In recent years the number of passengers using UK trains has grown steadily making UK rail the envy of Europe.

But the latest passenger figures release by the Office of Rail and Road paint a disappointing picture.

In short, the number of rail passengers, in the first quarter of 2017, actually declined by 2.7 per cent overall. This is mainly due to a steep 11 per cent decrease in season ticket sales.

The latter is serious from the revenue viewpoint because more and more commuting takes place over longer distances.

This especially applies in the case of London where commuters travel into the capital from places as far out as Bedford, Brighton, Colchester and Peterborough.

The decline in passenger numbers would have been worse had it not been for a modest increase in sales of off-peak (up by 1.9 per cent) and anytime/peak tickets (up by 2.4 per cent).

However the bright spot was the big increase in travellers booking Advance (promotional) fares whose sales jumped by 8.4 per cent.

The latter is a result of travellers being increasingly canny (with the ticket type they purchase), an increase in online booking and the train operatoring companies (TOCs) themselves relaxing the restrictions attached to Advance fares.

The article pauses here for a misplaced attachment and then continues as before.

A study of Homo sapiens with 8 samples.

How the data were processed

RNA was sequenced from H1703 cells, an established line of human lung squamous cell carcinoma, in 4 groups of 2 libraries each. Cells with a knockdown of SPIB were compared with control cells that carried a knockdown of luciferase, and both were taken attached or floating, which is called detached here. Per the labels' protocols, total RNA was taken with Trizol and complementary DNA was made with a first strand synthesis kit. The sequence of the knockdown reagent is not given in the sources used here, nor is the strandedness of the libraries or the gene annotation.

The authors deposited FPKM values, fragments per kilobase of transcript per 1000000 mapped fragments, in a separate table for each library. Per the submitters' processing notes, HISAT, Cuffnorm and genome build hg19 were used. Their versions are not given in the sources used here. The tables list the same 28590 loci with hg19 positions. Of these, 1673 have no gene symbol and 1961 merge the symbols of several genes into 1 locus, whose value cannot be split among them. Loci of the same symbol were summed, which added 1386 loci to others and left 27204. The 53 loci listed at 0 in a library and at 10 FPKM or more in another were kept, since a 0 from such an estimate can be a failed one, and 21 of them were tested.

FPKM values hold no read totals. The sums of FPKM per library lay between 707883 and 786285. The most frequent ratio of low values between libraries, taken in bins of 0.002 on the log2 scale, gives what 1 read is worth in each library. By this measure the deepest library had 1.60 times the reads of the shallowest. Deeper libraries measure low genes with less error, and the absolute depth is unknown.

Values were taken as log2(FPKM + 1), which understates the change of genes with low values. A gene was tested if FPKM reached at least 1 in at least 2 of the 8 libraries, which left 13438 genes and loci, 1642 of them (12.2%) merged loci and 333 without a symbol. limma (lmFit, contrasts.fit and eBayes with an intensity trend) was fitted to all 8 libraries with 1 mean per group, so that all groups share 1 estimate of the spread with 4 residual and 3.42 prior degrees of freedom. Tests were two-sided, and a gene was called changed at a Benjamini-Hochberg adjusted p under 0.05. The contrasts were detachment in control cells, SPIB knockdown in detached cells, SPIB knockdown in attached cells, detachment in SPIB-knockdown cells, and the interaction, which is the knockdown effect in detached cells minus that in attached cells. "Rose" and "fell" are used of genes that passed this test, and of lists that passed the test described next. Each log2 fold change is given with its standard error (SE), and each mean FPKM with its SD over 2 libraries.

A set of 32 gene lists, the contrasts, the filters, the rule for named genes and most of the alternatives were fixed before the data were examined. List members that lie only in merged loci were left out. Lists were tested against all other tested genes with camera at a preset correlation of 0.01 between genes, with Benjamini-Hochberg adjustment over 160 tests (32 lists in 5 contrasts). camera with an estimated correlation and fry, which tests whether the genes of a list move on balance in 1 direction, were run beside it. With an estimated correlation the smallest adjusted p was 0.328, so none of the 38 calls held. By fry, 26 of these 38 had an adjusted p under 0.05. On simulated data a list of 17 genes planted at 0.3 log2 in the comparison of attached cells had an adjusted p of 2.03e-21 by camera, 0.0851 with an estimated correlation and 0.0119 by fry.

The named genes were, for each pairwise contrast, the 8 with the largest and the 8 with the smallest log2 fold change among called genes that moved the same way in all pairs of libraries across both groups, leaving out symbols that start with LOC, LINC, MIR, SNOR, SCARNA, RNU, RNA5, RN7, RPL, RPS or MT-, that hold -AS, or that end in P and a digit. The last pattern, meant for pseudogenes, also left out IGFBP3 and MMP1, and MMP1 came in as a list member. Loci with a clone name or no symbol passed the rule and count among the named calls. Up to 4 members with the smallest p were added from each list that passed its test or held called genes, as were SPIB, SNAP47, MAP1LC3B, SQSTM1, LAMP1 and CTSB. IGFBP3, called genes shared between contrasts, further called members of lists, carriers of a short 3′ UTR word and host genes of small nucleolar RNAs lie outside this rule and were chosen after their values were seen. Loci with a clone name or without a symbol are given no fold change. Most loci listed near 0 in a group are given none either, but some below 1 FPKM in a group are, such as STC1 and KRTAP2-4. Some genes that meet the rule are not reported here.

Previously all Advance tickets had to be booked no later than 18.00 the day before travel.  But some TOCs, in particular Cross Country, Virgtin Trains (VT) and Virgin Trains East Coast (VTEC) now allow Advance tickets to be purchased on the day of travel.

However cannier passengers mean less revenue for the TOCs.

It’s a worrying development because TOCs bid (and pay) for franchises based on passenger growth.

If growth slows then the TOCs may face trouble in repaying their franchise fees.

This is a fate which has already befallen VTEC which had agreed to pay the government a hefty £3.3 billion over the eight years of the East Coast Mainline (ECML) franchise.  VTEC is now in the process of renegotiating its franchise payments with the government.

And the decline in commuting is believed to be affecting Abellio who operates the Greater Anglia franchise according to a report in the East Anglican Daily Times.

Doubtless there will be other examples in the months and years ahead as regulated * rail fares in 2018 will (unless the government intervenes) rise by 3.6 per cent next January.

  • Note: regulated fares refer to seasons and normal flexible tickets. They do not include promotional and Advance ticket sales which TOCs can sell at whatever price they wish.